HALIFAX—A study by a group of experts—including two Canadians—is offering recommendations to reduce the impact of seismic surveys by oil and gas companies on vulnerable whales and other marine species.
The research, compiled over a six-year period ending in 2012, outlines a set of guidelines developed by the International Union for Conservation of Nature and Sakhalin Energy Investment Company in their seismic testing off Russia’s Sakhalin island, just north of Japan.
The survey region is rich in oil and gas deposits, but it’s also near the vital feeding grounds of the critically endangered western gray whale, the study said.
Roberto Racca of JASCO Applied Sciences in Victoria, B.C., said usually testing is halted if whales are seen within an area where they could be physically harmed.
But the measures cited in the study, published in the journal Aquatic Mammal, also accounted for the potential area where a whale’s behaviour could be disturbed.
“The region of which a behavioural disturbance can occur is significantly larger than the region where the physical harm would take place,” said Racca, who helped author the study.
Whales rely on sound for communication, navigation and foraging, and exposure to loud noise from seismic surveys can result in stress, behaviour changes and drive the whales away from their feeding grounds, said Randall Reeves of the Quebec-based Okapi Wildlife Associates.
The recommendations include reducing the survey area, keeping the seismic noises as low as possible and halting operations if whales are too close, he said.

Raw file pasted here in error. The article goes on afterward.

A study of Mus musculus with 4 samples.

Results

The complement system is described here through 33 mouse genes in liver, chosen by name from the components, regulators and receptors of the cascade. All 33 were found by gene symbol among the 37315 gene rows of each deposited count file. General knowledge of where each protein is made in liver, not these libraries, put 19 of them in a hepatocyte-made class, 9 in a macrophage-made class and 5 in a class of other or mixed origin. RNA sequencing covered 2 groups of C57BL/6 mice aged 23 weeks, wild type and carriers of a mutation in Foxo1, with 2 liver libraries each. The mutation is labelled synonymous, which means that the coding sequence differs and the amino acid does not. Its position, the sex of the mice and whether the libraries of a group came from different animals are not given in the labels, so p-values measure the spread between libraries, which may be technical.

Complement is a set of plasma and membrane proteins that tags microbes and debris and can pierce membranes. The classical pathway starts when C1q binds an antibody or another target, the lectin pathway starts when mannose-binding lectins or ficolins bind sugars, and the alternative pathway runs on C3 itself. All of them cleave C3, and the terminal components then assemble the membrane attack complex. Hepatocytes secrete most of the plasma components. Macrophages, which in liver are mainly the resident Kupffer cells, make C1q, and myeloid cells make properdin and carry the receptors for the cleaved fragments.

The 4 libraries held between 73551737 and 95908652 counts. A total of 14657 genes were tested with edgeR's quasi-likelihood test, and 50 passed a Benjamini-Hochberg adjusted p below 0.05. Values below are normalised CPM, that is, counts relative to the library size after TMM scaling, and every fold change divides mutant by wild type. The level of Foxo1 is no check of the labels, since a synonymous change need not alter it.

Reeves, another author of the study, said other countries can look to it but cautioned that it’s not a “cookbook.”
“This can’t be advertised as an inexpensive or quick fix for energy companies,” said Reeves, adding that Sakhalin Energy Investment Company had been collecting data about the whales for about a decade before it started seismic testing.
“With different species in different areas … it’s always going to be different in some ways.”
Racca said the lessons learned from studying Sakhalin’s operations cannot be directly applied to seismic testing in Canada, as there isn’t a population of whales in Canadian waters that are bound to specific feeding regions.
“There’s never been a situation where the criticality of the population, the state of endangerment, would have warranted something of the order of what is being suggested in the paper,” he said.
But proper planning of acoustic modelling, studying the potential harm to whales and establishing mitigation measures should be paramount for oil and gas companies in any country, said Racca.
He added that Ottawa currently doesn’t have specific standards regarding seismic testing around whales and oil and gas companies usually look to American regulations for guidance.
The study included authors from the National Oceanic and Atmospheric Administration in the United States and the Marine Lab at Duke University, as well as from Shell Global Solutions and the International Whaling Commission, the international body that regulates whale hunting.
The federal Fisheries Department recently issued a tender asking the successful bidder to collect data about the behaviour of endangered whales on the Scotian Shelf off Nova Scotia—including North Atlantic right whales and northern bottlenose whales—during and after seismic surveys.
“Given that seismic noise production on the Scotian Shelf near the identified critical habitat of these endangered populations is increasing, technologies and methods designed to help monitor and mitigate the potential impacts of seismic noise on cetaceans will be important,” the tender says.
The government is offering up to $50,000 for the work and the deadline is March 31.